COVID-19 has changed the nation and its community colleges forever by shining a spotlight on the racial, social, gender, economic, and technological inequities that accelerated during the pandemic. Community college leaders learned many lessons from their experiences, one of which was that the basic needs of our students went greatly unfulfilled.
Colleges responded with food pantries, transportation vouchers, emergency financial support, expanded mental health services, and other basic-needs programs. As they hastily transitioned to remote learning, several addressed the disproportionate lack of digital resources in African American, Latino, Native American, and other households by using federal COVID relief funds to provide students with free laptops and internet access. At the same time, college leaders found that we must effectively anticipate and adapt to rapidly changing demographic, educational, economic, and cultural changes by becoming more innovative and entrepreneurial at all levels.
I love the closing line of a poem about the pandemic published by retired teacher Kitty O’Meara in 2020: “And when the danger passed, and the people joined together again, they grieved their losses and made new choices, dreamed new dreams, and created new ways…” Based on lessons learned during the pandemic, community college leaders are now “making new choices, dreaming new dreams, and creating new ways.” We are grieving our losses and reframing the very nature of our institutions. We are learning to see our colleges through different frames or lenses more suited to the new realities brought about by COVID, the related healthcare and economic crises, and the national social reckoning. This reframing of our perspective includes seeing equity as an overarching imperative. It means becoming truly student-centered, more innovative and entrepreneurial, more collaborative both within the college and with community partners, and using technology as a force for institutional transformation.
As we reframe based on our COVID-19 experiences, we build on the firm foundation of the time-tested open-door philosophy of the national community college movement. The open door is not an admissions policy or specific program, but the institutional soul of “democracy colleges.” It is a condensed expression of the democratic and egalitarian principles that guide our daily decisions and actions. The pioneers of the movement envisioned a liberating role in the lives of those who might otherwise be disenfranchised and unconnected to the mainstream. Now, the current generation of leaders is called to renew this unwavering commitment to the open-door philosophy as we adapt to new educational and societal realities and build the equity-driven community college of the future. If community colleges fail to provide such leadership in creating a multiracial democracy, they forfeit their irreplaceable value to society.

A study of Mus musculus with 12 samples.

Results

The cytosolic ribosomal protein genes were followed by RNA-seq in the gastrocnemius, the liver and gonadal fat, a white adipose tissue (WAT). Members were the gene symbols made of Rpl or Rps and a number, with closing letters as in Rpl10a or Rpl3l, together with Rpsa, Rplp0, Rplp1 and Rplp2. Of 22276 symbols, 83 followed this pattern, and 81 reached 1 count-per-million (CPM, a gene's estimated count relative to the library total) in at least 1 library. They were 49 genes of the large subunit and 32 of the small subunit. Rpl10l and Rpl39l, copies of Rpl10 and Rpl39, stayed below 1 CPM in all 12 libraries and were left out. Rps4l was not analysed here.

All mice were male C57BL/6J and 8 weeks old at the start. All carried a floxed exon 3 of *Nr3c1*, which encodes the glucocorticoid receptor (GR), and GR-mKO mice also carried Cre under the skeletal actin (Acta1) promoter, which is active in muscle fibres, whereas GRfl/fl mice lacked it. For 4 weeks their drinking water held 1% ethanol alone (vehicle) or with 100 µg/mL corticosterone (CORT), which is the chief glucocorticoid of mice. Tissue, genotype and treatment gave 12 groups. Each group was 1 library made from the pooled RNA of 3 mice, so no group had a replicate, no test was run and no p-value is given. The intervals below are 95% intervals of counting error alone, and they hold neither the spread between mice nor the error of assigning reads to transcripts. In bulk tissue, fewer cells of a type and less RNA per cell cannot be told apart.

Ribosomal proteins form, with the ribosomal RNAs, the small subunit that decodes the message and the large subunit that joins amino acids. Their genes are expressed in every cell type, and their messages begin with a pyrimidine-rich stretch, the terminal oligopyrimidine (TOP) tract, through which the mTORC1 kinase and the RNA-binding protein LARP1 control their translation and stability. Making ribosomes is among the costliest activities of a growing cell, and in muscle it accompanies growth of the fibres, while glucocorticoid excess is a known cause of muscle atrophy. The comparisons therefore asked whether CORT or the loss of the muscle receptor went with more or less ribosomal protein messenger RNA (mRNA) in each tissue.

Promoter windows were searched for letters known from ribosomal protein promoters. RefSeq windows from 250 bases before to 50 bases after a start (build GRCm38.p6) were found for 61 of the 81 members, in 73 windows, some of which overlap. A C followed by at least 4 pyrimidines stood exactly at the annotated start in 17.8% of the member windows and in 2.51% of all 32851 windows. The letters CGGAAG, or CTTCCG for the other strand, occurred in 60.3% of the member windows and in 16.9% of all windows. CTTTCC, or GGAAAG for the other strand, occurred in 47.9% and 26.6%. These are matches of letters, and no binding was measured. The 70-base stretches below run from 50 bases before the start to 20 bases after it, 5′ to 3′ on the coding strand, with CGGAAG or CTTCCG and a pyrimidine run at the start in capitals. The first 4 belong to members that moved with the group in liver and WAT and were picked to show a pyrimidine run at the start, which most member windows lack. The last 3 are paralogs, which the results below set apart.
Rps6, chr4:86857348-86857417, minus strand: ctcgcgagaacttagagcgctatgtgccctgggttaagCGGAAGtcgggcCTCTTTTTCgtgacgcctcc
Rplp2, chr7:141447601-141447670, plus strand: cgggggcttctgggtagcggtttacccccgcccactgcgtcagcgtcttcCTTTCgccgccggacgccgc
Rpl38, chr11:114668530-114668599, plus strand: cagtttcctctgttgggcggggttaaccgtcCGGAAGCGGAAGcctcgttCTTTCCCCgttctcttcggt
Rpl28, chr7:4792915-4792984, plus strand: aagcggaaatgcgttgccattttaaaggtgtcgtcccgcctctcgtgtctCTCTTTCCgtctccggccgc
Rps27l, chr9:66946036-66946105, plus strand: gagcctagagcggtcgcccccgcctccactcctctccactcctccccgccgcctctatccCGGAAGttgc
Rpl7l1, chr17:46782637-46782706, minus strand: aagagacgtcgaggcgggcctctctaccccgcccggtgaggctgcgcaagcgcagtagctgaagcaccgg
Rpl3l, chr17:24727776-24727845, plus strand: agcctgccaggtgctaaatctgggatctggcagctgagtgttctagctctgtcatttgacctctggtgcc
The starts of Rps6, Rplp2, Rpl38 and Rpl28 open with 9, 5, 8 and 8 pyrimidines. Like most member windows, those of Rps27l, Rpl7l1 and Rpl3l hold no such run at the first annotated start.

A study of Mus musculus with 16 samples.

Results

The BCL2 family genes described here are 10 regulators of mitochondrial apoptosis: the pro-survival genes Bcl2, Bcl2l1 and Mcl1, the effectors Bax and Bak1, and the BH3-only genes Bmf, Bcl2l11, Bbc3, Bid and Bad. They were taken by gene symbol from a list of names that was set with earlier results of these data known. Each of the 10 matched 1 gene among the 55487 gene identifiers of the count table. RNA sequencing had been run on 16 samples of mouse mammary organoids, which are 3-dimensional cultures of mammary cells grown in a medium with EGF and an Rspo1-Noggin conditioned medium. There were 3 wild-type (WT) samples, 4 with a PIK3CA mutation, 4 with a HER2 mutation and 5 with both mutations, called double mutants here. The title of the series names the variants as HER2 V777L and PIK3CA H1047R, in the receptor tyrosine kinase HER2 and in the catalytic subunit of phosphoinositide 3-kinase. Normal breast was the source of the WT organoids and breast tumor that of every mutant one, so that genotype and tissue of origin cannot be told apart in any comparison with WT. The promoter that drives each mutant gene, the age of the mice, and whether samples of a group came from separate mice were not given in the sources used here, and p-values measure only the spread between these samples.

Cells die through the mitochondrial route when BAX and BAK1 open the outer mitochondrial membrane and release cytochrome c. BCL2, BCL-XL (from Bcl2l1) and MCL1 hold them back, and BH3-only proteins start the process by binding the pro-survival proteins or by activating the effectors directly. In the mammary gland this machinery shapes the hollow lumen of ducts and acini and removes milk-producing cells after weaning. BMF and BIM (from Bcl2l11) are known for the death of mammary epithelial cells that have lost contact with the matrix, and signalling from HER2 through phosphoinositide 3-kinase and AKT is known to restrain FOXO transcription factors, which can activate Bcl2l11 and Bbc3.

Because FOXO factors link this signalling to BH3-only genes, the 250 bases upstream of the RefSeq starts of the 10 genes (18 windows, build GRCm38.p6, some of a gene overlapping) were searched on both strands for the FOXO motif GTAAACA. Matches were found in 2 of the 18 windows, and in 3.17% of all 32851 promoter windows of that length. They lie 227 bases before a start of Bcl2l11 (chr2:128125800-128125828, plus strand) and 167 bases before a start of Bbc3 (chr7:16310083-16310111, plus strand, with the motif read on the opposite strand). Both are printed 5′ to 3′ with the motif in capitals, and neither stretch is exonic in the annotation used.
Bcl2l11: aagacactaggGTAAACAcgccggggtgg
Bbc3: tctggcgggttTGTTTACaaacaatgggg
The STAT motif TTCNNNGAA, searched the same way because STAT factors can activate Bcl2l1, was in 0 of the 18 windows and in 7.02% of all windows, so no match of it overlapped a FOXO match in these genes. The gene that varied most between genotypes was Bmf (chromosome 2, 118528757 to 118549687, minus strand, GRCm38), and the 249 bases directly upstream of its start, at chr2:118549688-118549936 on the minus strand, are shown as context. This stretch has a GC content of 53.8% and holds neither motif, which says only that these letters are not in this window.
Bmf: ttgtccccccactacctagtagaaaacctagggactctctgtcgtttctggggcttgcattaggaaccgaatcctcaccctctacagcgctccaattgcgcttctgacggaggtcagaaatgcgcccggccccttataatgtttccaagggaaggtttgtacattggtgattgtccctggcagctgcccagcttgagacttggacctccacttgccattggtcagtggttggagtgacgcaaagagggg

I have a soft spot in my heart for students who overcame financial, educational, and other life barriers to achieve their academic and career goals. I think often of the African American women from low-income backgrounds who are courageously and successfully combining the roles of single mom, student, and provider even during the pandemic. These are the students at Wayne County Community College District (WCCCD), and they motivate me as chancellor to view every improvement effort through an equity-driven lens. Based on lessons learned during the pandemic, WCCCD is giving the highest priority to removing all personal, academic, and societal barriers so that every student has the opportunities and resources to succeed and thrive. Actions include our equity-driven student success strategy and our Reinvent Diversity, Equity and Inclusion initiative.
Because of the ravage brought on by the COVID pandemic, I have been taking a personalized look at the changing role of community college leaders who are going beyond traditional educational functions to serve as champions for social progress. Urban Voices: Racial Justice and Community College Leadership – African American CEOs of Urban Community Colleges Speak Out (Ivery & McPhail, at press, 2022) collects many of these perspectives and is to be published by Rowman & Littlefield in July. The book focuses primarily on the imperative of merging racial equity and community leadership strategies with the passion of civil rights activism.
The future of community college is deeply interwoven with the future of those disenfranchised and impoverished groups that live in the shadows of our cities, suburbs, and rural areas. For them, the community college is the primary – and often the only – gateway to the economic mainstream and social justice. I am so proud of my colleagues as they publicly, unapologetically, and courageously take actions within their colleges and in the communities they serve. As fierce advocates for social justice, they are partnering with other organizations to proactively dismantle policies that perpetuate disparities in areas such as wealth, income, education, employability, and economic opportunity.
A keen observer of the American condition, my friend Cornel West states in the foreword to Urban Voices that the transcendent power of community colleges is essential to the next phase of the democratization of higher education. Indeed, as racial and ethnic minorities become the new majority, I cannot imagine another time in our history when our open-door philosophy and equity-driven commitments have been more vital to the success of our nation.
Dr. Curtis L. Ivery serves as chancellor of the Wayne County Community College District (Mich.).
The Roueche Center Forum is co-edited by Drs. John E. Roueche and Margaretta B. Mathis of the John E. Roueche Center for Community College Leadership, Department of Educational Leadership, College of Education, Kansas State University.